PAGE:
In Santina Ltd v Rare Art (London) Ltd (trading as Koopman Rare Art)  EWHC 807 (Ch), the High Court considered an appeal against an order for security for costs (the “SFC Order”), and a challenge to an ex parte freezing injunction (the “Freezing Order”).
The Court dismissed Santina Limited (“Santina”)’s appeal against the SFC Order on the basis that the judge below had properly exercised his discretion to order security for costs, and upheld the Freezing Order on the ground that the Court had jurisdiction to make it.
This case is of particular interest because the Court considered that Santina’s failure to comply with the SFC Order was capable of triggering the freezing injunction jurisdiction. This required the Court to view the unsatisfied SFC Order as the equivalent of a cause of action that may (or may not) in due course convert into a money judgment.
On 16 July 2021, Santina brought proceedings against Rare Art alleging that Rare Art’s sale of a pair of silver gilt soup tureens (the “Tureens”) for £181,500 was induced by false representations.
On 25 May 2022, Rare Art applied for security for costs against Santina. On 13 October 2022, Deputy Master Glover ordered that:
- Santina give security for Rare Art’s costs in the amount of £130,000;
- unless Santina comply with this order, the proceedings be automatically stayed, save that Rare Art have liberty to apply to strike out or dismiss the proceedings; and
- Santina pay the costs of the application in the amount of £14,000.
Santina did not pay the amount ordered by way of security for costs nor the costs in respect of the application. Accordingly, the trial was vacated.
Santina sought permission to appeal the order of Deputy Master Glover, and Rare Art sought to have the claim struck out (as envisaged by the SFC Order). Rare Art’s strike-out application was stayed pending determination of Santina’s application for permission to appeal.
On 14 March 2023, Rare Art applied for an ex parte freezing order. In light of the unsatisfied SFC Order and likely costs Rare Art would recover if awarded its costs of the entire case, Edwin Johnson J granted a worldwide freezing injunction whereby Santina could not dispose of, deal with or diminish the value of any of its assets (including the Tureens) in or outside England and Wales up to the value of £200,000.
Appeal from SFC Order
Marcus J considered that the SFC Order made by Deputy Master Glover was a discretionary one, which could only be interfered with if it was plainly wrong (i.e. the mere fact that he might disagree with the Deputy Master was not enough to permit the setting aside of the SFC Order). Marcus J held that the Deputy Master had appropriately considered the matters raised by Santina in its grounds of appeal, and so Santina’s appeal against the SFC Order failed.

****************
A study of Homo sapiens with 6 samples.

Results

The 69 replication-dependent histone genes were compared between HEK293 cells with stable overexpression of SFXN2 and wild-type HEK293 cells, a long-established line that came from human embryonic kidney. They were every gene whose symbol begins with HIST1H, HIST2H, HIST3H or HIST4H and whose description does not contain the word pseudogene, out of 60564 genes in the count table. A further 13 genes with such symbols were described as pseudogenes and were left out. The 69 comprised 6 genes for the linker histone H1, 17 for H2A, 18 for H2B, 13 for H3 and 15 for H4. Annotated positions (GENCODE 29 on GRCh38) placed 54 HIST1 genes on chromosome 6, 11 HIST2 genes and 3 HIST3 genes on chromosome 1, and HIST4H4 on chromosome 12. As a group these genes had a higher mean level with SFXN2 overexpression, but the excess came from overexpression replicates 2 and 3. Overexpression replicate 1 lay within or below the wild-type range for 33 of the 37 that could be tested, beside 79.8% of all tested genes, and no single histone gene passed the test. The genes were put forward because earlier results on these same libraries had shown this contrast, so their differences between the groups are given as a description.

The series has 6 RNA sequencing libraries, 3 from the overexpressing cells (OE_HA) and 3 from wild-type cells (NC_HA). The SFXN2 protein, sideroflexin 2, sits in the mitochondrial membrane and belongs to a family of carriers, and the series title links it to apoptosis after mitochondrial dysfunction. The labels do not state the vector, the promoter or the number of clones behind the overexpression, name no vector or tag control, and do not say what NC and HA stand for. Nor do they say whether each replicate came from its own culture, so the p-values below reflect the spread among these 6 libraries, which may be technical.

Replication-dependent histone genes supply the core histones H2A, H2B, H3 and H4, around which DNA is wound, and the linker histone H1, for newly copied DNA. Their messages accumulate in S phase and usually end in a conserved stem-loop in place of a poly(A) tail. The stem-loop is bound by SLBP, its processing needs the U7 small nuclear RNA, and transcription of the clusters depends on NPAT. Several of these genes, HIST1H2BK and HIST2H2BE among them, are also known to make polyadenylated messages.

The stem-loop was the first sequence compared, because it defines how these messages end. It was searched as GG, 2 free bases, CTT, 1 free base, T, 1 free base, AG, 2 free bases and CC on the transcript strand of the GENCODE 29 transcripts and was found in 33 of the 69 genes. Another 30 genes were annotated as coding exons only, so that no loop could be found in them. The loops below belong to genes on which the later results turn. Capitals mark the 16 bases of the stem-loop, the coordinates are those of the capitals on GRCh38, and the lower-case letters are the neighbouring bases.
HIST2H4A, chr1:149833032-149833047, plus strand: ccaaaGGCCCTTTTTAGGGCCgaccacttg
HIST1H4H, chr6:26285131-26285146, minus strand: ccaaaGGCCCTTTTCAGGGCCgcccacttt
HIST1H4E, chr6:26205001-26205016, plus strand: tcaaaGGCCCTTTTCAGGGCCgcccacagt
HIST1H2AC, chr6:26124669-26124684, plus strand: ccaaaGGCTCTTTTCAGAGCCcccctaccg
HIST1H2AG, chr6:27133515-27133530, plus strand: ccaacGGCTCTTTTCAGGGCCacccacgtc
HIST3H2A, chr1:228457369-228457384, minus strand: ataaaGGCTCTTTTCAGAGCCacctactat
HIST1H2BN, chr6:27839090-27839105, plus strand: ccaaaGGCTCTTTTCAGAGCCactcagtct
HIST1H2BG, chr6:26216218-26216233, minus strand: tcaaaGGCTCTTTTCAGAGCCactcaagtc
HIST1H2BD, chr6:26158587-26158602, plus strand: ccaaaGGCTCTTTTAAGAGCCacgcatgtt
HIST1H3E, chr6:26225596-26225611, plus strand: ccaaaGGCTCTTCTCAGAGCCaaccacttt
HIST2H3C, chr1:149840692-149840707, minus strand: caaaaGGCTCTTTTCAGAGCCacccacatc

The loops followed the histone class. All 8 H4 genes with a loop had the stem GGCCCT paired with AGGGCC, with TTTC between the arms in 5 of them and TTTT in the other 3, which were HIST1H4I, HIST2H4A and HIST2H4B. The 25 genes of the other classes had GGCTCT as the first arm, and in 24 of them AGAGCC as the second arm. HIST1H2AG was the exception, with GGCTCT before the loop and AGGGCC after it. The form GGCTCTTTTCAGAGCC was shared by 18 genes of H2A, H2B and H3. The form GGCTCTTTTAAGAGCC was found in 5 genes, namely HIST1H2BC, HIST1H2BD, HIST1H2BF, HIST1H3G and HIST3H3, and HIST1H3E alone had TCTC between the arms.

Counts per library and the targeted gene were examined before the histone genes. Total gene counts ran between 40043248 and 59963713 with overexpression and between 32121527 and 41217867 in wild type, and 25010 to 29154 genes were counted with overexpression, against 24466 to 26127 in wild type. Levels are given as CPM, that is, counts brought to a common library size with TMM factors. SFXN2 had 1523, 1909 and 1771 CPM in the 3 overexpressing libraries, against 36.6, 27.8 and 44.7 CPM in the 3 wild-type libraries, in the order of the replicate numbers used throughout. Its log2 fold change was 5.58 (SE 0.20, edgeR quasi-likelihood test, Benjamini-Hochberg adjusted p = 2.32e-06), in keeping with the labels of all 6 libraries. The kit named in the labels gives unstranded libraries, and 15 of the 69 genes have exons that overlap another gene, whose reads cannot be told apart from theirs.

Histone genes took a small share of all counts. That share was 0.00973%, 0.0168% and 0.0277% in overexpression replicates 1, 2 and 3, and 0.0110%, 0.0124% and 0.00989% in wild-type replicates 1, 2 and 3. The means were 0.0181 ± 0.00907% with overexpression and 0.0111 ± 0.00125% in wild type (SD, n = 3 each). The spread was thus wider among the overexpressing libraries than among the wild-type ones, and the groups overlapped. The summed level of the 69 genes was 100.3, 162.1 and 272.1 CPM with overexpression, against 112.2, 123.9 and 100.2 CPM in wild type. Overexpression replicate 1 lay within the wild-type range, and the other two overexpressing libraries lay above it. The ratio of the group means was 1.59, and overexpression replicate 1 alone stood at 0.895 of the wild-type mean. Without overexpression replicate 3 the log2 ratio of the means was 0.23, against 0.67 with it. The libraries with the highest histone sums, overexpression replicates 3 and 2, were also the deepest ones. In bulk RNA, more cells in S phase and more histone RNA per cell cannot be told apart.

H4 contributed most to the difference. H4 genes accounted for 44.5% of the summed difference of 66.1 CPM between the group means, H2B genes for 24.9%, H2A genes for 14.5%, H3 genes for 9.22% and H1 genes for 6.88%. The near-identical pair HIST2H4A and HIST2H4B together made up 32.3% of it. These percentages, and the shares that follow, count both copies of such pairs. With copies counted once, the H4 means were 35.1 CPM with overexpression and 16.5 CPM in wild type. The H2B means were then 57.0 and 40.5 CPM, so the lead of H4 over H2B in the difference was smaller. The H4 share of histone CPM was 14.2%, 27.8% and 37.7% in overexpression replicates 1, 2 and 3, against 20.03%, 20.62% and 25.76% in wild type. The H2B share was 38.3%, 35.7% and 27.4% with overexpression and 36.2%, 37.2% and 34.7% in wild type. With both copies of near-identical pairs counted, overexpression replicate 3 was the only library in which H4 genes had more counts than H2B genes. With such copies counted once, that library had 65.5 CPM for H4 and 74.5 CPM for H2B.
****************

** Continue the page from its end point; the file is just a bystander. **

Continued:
Continuation of Freezing Order
Santina had challenged the Freezing Order on the basis that (among other things) there was no jurisdiction to make the Freezing Order. Indeed, Marcus J observed at the outset that a freezing order will only be granted if the applicant is also a claimant with a cause of action vested in it. On the face of it, the judge noted that this ought to have been fatal to Rare Art’s application for freezing order relief, as it was not a claimant in the proceedings.
Notwithstanding, Marcus J referred to the decision of the Court of Appeal in Jet West Ltd v Haddican as authority for the proposition that “a costs order in favour of a defendant (as well as a claimant) is sufficient to found jurisdiction to make a freezing order.” However, Marcus J found that whilst Rare Art had a costs order (assessed and payable) in its favour, he did not think it could properly found jurisdiction for the Freezing Order, as it was only in the amount of £14,000.
However, Marcus J considered that “the failure to comply with the [SFC Order], resulting in an automatic stay of these proceedings and a right in Rare Art to apply to strike out the proceedings” and “obtain[…] an order in their favour of their costs of the entire proceedings” was capable of triggering the freezing order jurisdiction. Notably, Marcus J accepted that an unsatisfied security for costs order is the equivalent of a cause of action that may—or may not—convert into a money judgment.
This judgment provides important clarification on the scope of the Court’s jurisdiction to make freezing orders in respect of costs. In particular, this decision confirms that an unsatisfied security for costs order is capable of triggering the freezing order jurisdiction.
Accordingly, the subject of an adverse costs order—even a contingent one (as here)—will not be allowed to thwart an order of the Court by putting beyond reach assets that might be used to satisfy that costs order.
This decision will be of significance for practitioners advising defendants that have succeeded in obtaining a security for costs order in circumstances where: (a) the claimant has failed to comply with the order; and (b) it appears the claimant is attempting (or may attempt) to dissipate or transfer its assets (whether in England & Wales or overseas).